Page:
Subject: Re: SCM_SYSCALL
Date: Fri, 05 Jul 2013 22:01:48 +0200
User-agent: Gnus/5.130007 (Ma Gnus v0.7) Emacs/24.3 (gnu/linux)

Hi Mark!

Mark H Weaver <address@hidden> skribis:

> address@hidden (Ludovic Courtès) writes:
>> I’ve been cooking a patch but the test case ends up being trickier to
>> write than I expected.  Here’s what I have:
>>         (let* ((in+out   (pk 'pipe (pipe)))
>>                (lock     (make-mutex))
>>                (cond     (make-condition-variable))
>>                (signaled #f)
>>                (thread   (call-with-new-thread
>>                           (lambda ()
>>                             (with-mutex lock
>>                               (display "hello " (cdr in+out))
>>                               (wait-condition-variable cond lock)
>>                               (display "world\n" (cdr in+out))
>>                               (close-port (cdr in+out)))))))
>>           (define handle
>>             (lambda (signum)
>>               (with-mutex lock
>>                 (set! signaled (pk 'sig signum))
>>                 (signal-condition-variable cond))))
>>           (sigaction SIGALRM handle 0)
>>           (alarm 2)
>>           ;; This thread (the main thread) receives the signal.  Yet,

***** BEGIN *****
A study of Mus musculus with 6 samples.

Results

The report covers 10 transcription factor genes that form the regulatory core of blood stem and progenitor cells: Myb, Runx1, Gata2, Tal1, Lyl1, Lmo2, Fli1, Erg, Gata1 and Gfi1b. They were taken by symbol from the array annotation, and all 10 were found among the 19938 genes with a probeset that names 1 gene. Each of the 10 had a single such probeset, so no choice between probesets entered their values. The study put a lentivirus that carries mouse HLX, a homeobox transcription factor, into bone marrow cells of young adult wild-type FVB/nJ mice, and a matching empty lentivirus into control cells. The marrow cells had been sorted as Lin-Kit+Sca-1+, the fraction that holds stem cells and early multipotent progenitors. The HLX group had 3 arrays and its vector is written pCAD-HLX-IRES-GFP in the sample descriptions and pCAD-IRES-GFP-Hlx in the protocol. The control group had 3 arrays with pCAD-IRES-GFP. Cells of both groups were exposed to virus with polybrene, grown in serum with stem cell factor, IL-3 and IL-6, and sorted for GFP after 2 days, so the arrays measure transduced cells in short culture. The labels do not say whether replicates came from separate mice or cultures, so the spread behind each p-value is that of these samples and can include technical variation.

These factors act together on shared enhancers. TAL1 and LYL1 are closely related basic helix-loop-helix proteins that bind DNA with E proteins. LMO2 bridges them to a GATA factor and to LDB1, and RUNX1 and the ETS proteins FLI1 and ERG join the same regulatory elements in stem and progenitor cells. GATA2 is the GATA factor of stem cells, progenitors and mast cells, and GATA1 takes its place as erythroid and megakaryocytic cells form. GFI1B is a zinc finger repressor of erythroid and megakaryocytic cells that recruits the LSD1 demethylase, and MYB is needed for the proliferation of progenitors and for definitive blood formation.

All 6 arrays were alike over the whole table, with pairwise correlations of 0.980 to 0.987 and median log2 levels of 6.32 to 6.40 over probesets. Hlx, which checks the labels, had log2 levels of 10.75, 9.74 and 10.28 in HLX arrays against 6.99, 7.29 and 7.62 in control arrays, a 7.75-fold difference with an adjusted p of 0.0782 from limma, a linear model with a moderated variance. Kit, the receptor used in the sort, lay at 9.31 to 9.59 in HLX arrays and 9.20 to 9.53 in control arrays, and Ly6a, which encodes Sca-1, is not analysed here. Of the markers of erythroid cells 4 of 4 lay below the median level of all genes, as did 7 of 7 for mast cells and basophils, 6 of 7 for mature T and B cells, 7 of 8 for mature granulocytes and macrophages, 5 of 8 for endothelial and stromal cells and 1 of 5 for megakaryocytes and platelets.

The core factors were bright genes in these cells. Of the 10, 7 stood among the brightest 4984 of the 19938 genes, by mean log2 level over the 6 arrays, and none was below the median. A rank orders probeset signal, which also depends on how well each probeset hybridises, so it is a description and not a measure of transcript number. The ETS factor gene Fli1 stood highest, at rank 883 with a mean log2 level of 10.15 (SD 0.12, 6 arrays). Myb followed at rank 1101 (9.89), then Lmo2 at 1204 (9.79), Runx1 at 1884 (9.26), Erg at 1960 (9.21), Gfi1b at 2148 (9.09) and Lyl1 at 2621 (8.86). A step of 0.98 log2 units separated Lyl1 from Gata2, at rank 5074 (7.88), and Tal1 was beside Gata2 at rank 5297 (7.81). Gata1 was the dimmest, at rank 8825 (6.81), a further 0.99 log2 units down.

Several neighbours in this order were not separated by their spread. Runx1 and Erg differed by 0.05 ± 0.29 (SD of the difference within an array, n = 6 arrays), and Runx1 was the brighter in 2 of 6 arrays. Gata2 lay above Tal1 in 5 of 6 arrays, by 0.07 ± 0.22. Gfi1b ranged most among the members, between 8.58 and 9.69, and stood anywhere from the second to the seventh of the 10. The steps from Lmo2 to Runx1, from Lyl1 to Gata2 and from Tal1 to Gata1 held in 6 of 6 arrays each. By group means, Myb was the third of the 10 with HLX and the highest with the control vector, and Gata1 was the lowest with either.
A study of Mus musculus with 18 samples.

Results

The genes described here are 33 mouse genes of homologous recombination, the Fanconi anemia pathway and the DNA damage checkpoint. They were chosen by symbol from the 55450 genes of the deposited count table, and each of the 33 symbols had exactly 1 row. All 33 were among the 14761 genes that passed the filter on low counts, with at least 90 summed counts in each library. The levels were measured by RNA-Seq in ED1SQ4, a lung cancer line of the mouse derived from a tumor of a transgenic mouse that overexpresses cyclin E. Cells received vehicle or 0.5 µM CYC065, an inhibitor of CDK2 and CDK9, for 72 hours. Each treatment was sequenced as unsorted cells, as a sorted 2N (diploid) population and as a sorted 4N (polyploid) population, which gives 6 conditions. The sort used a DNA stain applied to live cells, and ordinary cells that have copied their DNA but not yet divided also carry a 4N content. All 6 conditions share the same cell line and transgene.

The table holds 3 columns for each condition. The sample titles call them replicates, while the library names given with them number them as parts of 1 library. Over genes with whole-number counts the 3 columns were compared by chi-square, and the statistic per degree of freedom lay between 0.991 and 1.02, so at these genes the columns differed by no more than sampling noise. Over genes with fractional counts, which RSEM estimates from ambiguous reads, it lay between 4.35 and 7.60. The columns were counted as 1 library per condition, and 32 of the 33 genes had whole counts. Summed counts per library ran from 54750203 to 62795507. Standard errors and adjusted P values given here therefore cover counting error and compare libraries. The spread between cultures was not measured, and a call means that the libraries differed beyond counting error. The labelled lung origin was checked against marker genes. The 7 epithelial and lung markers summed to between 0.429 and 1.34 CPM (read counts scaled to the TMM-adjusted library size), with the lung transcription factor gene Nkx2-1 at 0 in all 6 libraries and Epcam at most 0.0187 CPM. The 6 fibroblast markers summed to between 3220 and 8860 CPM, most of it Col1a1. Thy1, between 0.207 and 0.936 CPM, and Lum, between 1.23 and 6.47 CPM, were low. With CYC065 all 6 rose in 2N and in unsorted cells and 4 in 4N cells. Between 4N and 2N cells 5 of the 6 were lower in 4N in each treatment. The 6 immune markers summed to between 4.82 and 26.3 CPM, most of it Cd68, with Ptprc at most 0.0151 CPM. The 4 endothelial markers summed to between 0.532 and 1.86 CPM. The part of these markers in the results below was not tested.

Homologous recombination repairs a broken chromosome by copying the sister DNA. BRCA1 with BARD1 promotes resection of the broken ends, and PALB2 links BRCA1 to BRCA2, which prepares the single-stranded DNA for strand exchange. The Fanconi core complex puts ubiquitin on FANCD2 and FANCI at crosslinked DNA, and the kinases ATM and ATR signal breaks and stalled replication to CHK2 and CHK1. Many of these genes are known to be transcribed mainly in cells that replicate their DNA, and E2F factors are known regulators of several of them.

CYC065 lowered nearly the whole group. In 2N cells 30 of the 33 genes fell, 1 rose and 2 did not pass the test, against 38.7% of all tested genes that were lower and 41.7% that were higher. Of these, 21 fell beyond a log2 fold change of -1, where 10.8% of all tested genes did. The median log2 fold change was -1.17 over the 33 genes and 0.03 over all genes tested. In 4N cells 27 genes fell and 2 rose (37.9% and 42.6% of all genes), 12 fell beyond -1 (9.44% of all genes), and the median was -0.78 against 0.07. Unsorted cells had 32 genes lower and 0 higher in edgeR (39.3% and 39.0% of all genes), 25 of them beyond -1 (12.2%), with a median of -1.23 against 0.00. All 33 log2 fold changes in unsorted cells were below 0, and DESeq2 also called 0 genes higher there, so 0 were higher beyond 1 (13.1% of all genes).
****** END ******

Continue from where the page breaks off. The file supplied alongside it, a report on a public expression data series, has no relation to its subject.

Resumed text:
>>           ;; the EINTR returned by read(2) as called via `read-line'
>>           ;; must be swallowed.
>>           (let ((line (read-line (car in+out))))
>>             (join-thread thread)
>>             (list signaled line)))
>> This nicely reproduces the problem where fport_fill_input throws to
>> ‘system-error’ with EINTR.
>> However, with a fixed SCM_SYSCALL, the result is pretty much the same as
>> with SA_RESTART (see <>): when SCM_ASYNC_TICK
>> is called right after we get EINTR, chances are that the async hasn’t
>> been queued yet, so we get back to our read(2) call, and thus the
>> Scheme-level signal handler is never called.  (Typically, when running
>> the test through strace, it passes, because the timing is “better”, but
>> it fails without strace.)
>> Suggestions?
> Hmm.  Shouldn't our signal handlers be run in a different thread?  Maybe
> we can't make this change until 2.2, but it seems to me that there are
> very serious problems trying to run signal handlers from within asyncs,
> analogous to the problems running finalizers within asyncs.  Commonly,
> signal handlers need to mutate some global state, but that cannot in
> general be done safely from within asyncs, because asyncs might be
> called while the global state is in an inconsistent state, at least for
> data structures implemented in Scheme.
> What do you think?

I think the rationale was that signal handlers in Guile would be a
simplified version of what POSIX provides.  That is, they are called in
the thread that called ‘sigaction’, and there are no restrictions on
what procedures can be used from within the handler.  From that
perspective, I think it fits the bill.

Now, of course that introduces concurrency, but that’s what signals are
about anyway: asynchronous notifications.  Thus I don’t have any
particular problems with this implementation.

Am I overlooking other issues you had in mind?